On January 6th, as we all know, there was an insurrection at the U.S. Capitol that caused the death of five people, threatened the lives of others and destroyed U.S. government property.
The “business” of Congress that day was to certify the prior presidential votes of the Electoral College.as required by the Electoral Count Act of 1887 [“ECA”}.
That statute, said a January 26th editorial in the Wall Street Journal, should be repealed. According to the Journal, the ECA “was intended to resolve contested presidential elections’ in an era when the electoral votes were “delivered to Congress by train or carriage.” Now there is no such need when “results are broadcast in real time.”
In recent years, however, “it has mainly been used by partisans in Congress to exploit the ceremonial process of counting electoral votes. . . .In the wake of the Capitol invasion [this year], the ECA is ripe for an overhaul that reins in Congress’s increasingly destabilizing role in presidential elections. Repealing the law would make future challenges, even by the most willful candidates, less likely to spin out of control.”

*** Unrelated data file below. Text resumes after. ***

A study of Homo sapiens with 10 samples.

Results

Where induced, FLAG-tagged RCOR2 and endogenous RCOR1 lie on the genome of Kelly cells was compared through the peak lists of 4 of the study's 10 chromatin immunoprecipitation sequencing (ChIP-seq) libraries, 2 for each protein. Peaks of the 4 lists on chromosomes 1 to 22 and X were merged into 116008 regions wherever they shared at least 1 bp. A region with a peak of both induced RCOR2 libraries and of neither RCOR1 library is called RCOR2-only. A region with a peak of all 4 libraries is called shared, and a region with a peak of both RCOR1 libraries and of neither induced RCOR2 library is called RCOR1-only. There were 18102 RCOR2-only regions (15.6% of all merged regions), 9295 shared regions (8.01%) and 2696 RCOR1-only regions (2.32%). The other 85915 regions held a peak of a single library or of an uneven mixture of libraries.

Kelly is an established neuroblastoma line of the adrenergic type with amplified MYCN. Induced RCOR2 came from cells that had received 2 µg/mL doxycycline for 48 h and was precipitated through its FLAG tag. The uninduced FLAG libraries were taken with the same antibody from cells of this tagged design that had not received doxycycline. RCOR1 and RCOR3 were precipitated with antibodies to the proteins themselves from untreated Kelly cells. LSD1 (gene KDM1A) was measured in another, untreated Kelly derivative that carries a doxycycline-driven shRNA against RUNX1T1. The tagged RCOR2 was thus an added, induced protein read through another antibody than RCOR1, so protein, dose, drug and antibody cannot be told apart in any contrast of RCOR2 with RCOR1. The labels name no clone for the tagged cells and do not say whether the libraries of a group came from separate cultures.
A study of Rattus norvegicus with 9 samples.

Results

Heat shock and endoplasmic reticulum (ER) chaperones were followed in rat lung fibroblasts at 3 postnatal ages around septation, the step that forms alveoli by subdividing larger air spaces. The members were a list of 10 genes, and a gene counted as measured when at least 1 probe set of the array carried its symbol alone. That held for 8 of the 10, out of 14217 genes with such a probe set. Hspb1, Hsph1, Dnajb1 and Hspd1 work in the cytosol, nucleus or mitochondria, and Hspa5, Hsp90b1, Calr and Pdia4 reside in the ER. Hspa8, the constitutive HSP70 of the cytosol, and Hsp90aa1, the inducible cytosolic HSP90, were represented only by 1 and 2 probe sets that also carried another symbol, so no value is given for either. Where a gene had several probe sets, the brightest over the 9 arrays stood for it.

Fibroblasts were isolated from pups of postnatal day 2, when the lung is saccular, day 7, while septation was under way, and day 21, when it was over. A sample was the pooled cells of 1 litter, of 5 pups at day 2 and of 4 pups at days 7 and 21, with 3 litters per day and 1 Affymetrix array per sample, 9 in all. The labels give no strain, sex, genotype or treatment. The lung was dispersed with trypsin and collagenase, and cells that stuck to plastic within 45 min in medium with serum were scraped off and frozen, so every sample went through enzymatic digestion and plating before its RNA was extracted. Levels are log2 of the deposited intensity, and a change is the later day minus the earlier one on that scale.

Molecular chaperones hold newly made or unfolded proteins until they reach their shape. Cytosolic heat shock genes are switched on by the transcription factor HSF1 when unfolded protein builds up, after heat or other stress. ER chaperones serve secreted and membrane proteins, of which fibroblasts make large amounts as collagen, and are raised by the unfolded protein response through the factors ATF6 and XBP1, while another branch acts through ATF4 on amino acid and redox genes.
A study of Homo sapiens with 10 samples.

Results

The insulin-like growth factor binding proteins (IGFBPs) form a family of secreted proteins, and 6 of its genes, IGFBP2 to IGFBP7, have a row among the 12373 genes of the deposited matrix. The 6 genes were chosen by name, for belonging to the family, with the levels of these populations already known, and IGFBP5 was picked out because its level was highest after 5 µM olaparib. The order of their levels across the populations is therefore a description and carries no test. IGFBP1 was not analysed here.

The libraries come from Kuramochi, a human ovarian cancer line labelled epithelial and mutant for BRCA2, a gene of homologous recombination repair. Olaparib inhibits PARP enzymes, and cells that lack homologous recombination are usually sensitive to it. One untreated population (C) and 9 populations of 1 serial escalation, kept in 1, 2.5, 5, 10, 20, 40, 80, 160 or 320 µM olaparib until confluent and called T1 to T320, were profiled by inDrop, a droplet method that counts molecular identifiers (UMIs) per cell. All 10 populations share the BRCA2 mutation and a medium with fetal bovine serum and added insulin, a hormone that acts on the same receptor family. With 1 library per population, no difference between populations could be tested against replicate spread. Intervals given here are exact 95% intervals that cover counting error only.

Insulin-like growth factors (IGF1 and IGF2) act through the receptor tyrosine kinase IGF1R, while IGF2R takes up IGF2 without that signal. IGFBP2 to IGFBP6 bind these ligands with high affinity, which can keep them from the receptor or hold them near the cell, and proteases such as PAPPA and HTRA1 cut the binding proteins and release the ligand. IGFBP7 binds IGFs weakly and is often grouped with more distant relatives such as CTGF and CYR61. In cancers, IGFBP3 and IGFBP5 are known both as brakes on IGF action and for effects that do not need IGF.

“The ECA clashes with principles of federalism and the separation of powers. The Framers didn’t want the executive branch to be beholden to the legislative branch, so they designed an Electoral College to elect the President independent of Congress. Voters in each state register their choice for President by choosing a slate of electors, whose votes are then transmitted to Congress to be logged.”
The editorial concluded, “If the 117th Congress wants to firm up the legitimacy of election outcomes, then restoring the constitutional balance by repealing this dated legislation should be a priority.”
This blogger concurs in this half-way judgment of the Journal. Instead, the Electoral College should be abolished by a constitutional amendment.
 E.g., Democrats Have Two Years To Prove U.S. Political System Works dwkcommentaries.com (Jan. 27, 2021).